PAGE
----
China says gold mine operation in Tibetan county close to Arunachal is its sovereign right

Chinese foreign ministry spokesperson says the country’s position on the boundary issue with India is consistent and clear cut and “China never recognised the so-called Arunachal Pradesh”.

india Updated: May 21, 2018 16:47 IST
Sutirtho Patranobis
Sutirtho Patranobis
Hindustan Times, Beijing
China claims Arunachal Pradesh as part of southern Tibet. The India-China border dispute covered 3,488 km along the Line of Actual Control (LAC).
China claims Arunachal Pradesh as part of southern Tibet. The India-China border dispute covered 3,488 km along the Line of Actual Control (LAC).(AFP File Photo)
         

China on Monday defended large-scale mining operations in the Himalayas close to the Indian border in Arunachal Pradesh to extract minerals worth billions of dollars, saying it has “full sovereignty” to carry out “geological” activities in the area.

China has begun mining operations in Lhunze county in the Tibet Autonomous Region (TAR) adjacent to Arunachal Pradesh, the Hong Kong based South China Morning Post (SCMP) reported Sunday.

The report said a huge cache of gold, silver and other precious minerals valued at about $60 billion has been found in the location, a remote and ecologically fragile area.

“I have also noted the report mentioned by you. The area mentioned by the report totally belongs to China,” Lu Kang, ministry of foreign affairs (MFA) spokesperson said at the regular ministry briefing on Monday.

“China conducts regular geological and scientific research on its own territory. It is completely within China’s sovereignty. China always attaches importance to protecting ecological environment. We hope relevant media can refrain from hyping up based on groundless report,” Lu said.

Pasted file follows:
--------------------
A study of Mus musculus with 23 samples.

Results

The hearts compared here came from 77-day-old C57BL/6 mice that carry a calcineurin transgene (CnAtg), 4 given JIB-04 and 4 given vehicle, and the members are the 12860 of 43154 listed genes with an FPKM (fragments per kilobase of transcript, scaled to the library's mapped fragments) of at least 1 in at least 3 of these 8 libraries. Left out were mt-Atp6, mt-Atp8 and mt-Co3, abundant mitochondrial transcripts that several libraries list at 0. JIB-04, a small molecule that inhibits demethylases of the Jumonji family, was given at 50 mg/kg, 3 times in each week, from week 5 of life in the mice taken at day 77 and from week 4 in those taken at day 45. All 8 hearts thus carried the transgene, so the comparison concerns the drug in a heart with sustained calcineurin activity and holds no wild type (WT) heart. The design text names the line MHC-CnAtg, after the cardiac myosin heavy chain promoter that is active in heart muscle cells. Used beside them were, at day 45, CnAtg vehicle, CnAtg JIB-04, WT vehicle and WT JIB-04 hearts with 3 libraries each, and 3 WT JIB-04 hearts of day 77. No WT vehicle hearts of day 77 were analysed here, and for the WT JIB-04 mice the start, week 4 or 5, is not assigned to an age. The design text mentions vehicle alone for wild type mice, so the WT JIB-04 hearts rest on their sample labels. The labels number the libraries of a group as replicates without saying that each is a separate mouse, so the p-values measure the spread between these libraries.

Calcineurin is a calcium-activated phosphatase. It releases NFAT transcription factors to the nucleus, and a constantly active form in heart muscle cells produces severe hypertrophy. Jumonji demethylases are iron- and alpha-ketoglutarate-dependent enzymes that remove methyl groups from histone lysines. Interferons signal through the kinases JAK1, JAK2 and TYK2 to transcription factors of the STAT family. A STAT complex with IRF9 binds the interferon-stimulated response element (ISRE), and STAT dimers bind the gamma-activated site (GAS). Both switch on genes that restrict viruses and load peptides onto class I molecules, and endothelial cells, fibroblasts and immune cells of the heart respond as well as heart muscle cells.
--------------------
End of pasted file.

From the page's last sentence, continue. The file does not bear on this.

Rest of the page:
Quoting anonymous sources, the SCMP report said “…the mines are part of an ambitious plan by Beijing to reclaim South Tibet, a sizeable chunk of disputed territory currently under Indian control”.

China’s moves to lay claim to the region’s natural resources while rapidly building up infrastructure could turn it into ‘another South China Sea’ they said”.

The spokesperson did not deny the report directly but seemingly dismissed the insinuation about “reclaiming south Tibet”, which is how Arunachal Pradesh is known in China.

“I hope the media can stop hyping up based on groundless report and the area mentioned by the report belongs to China’s territory and the geological and scientific activities are conducted on China’s territory,” Lu said.

China claims Arunachal Pradesh as part of southern Tibet and the claim is part of the Sino-India dispute over the 3,488 km along the Line of Actual Control (LAC).

On the part of the report which said China is rapidly building infrastructure to turn the area into another South China Sea like scenario, Lu said, “I can tell you that China’s position on the India-China boundary is consistent and clear cut. China never recognised the so-called Arunachal Pradesh.”

The remote Lhunze was in the news last October when President Xi Jinping urged Tibetan herdsmen staying along the border with Arunachal Pradesh to “set down roots” and safeguard “Chinese territory”.

Responding to a letter from a family of Tibetan herders from Lhunze, Xi said it was important to develop their remote hometown in Tibet Autonomous Region (TAR).

“Chinese President Xi Jinping has encouraged a herding family in Lhunze County, near the Himalayas in southwest China’s TAR to set down roots in the border area, safeguard the Chinese territory and develop their hometown,” official news agency Xinhua had quoted Xi as saying.